The Vikings discovered the Americas centuries before Columbus landed on San Salvador in 1492.
The 15th century Vinland Map, the first known map to show part of America before explorer Christopher Columbus landed on the continent, is almost certainly genuine, a Danish expert said. Controversy has swirled around the map since it came to light in the 1950s, many scholars suspecting it was a "hoax" meant to prove that Vikings were the first Europeans to land in North America–a claim confirmed by a 1960 archaeological find.
“All the tests that we have done over the past five years–on the materials and other aspects–do not show any signs of forgery,” Rene Larsen, rector of the School of Conservation under the Royal Danish Academy of Fine Arts, told Reuters.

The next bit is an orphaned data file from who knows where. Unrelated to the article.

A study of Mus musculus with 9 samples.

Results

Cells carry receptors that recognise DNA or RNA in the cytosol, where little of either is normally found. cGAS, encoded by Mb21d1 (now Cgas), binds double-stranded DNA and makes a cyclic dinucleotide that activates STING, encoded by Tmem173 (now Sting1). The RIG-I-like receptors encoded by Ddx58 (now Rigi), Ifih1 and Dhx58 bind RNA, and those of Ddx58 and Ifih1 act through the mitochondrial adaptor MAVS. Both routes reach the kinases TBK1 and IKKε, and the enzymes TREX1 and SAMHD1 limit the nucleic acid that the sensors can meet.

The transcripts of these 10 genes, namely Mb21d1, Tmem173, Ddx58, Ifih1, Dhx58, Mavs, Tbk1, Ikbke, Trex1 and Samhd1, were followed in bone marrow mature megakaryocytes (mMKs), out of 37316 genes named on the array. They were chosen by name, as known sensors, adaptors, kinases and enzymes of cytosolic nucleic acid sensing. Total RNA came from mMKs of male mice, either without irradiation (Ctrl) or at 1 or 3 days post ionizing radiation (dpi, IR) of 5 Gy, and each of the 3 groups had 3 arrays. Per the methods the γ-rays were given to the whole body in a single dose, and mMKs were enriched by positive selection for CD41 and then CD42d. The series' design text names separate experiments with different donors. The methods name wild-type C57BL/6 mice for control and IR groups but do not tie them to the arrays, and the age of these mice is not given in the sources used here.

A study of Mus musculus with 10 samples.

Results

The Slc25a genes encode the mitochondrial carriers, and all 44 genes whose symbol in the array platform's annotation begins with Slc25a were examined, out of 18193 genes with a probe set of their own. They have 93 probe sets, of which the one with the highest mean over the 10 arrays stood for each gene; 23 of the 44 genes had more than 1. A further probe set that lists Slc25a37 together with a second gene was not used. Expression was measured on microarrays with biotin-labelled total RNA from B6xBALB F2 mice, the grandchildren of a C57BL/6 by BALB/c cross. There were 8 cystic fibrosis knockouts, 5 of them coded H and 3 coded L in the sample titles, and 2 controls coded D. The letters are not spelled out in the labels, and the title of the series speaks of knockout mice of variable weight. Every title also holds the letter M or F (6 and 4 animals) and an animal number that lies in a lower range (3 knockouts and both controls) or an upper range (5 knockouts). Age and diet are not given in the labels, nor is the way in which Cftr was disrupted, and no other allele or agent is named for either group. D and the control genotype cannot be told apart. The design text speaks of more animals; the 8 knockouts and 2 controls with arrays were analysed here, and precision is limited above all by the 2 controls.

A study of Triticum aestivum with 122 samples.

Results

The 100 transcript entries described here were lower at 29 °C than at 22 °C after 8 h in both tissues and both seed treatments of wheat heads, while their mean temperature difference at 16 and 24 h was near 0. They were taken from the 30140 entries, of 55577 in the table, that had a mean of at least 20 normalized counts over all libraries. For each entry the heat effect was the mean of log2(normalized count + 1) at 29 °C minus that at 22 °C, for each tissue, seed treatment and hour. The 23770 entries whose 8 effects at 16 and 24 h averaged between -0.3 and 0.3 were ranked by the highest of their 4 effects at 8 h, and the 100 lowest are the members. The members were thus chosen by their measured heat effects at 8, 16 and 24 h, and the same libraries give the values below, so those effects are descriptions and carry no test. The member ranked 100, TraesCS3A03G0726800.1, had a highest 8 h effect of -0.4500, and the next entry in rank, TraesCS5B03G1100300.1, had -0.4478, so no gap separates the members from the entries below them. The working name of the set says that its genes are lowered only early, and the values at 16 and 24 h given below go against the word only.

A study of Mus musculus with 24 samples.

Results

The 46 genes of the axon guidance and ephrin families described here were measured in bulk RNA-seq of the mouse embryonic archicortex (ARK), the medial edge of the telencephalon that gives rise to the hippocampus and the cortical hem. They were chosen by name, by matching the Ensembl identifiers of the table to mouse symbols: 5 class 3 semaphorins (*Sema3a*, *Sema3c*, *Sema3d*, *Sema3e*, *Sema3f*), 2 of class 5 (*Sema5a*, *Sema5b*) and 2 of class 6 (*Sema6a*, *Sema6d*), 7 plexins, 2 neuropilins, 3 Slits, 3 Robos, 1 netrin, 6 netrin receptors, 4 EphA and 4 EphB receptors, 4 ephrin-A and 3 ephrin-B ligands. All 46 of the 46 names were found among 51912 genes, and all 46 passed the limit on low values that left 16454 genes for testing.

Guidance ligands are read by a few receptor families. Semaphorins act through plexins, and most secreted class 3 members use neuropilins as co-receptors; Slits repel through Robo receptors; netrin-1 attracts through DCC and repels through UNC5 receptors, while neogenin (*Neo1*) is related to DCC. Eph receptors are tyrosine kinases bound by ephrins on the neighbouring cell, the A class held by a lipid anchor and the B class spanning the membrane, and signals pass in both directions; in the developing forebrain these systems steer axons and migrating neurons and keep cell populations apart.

He presented his team’s findings at an international cartographers’ conference in the Danish capital. The map shows both Greenland and a western Atlantic island “Vinilanda Insula,” the Vinland of the Icelandic sagas, now linked by scholars to Newfoundland where Norsemen under Leif Eriksson settled around AD 1000.
He said wormholes, caused by wood beetles, were consistent with wormholes in the books with which the map was bound. He said claims the ink was too recent because it contained a substance called anatase titanium dioxide could be rejected because medieval maps have been found with the same substance, which probably came from sand used to dry wet ink.
American scholars have carbon dated the map to about 1440, about 50 years before Columbus “discovered” the New World in 1492. Scholars believe it was produced for a 1440 church council at Basel, Switzerland.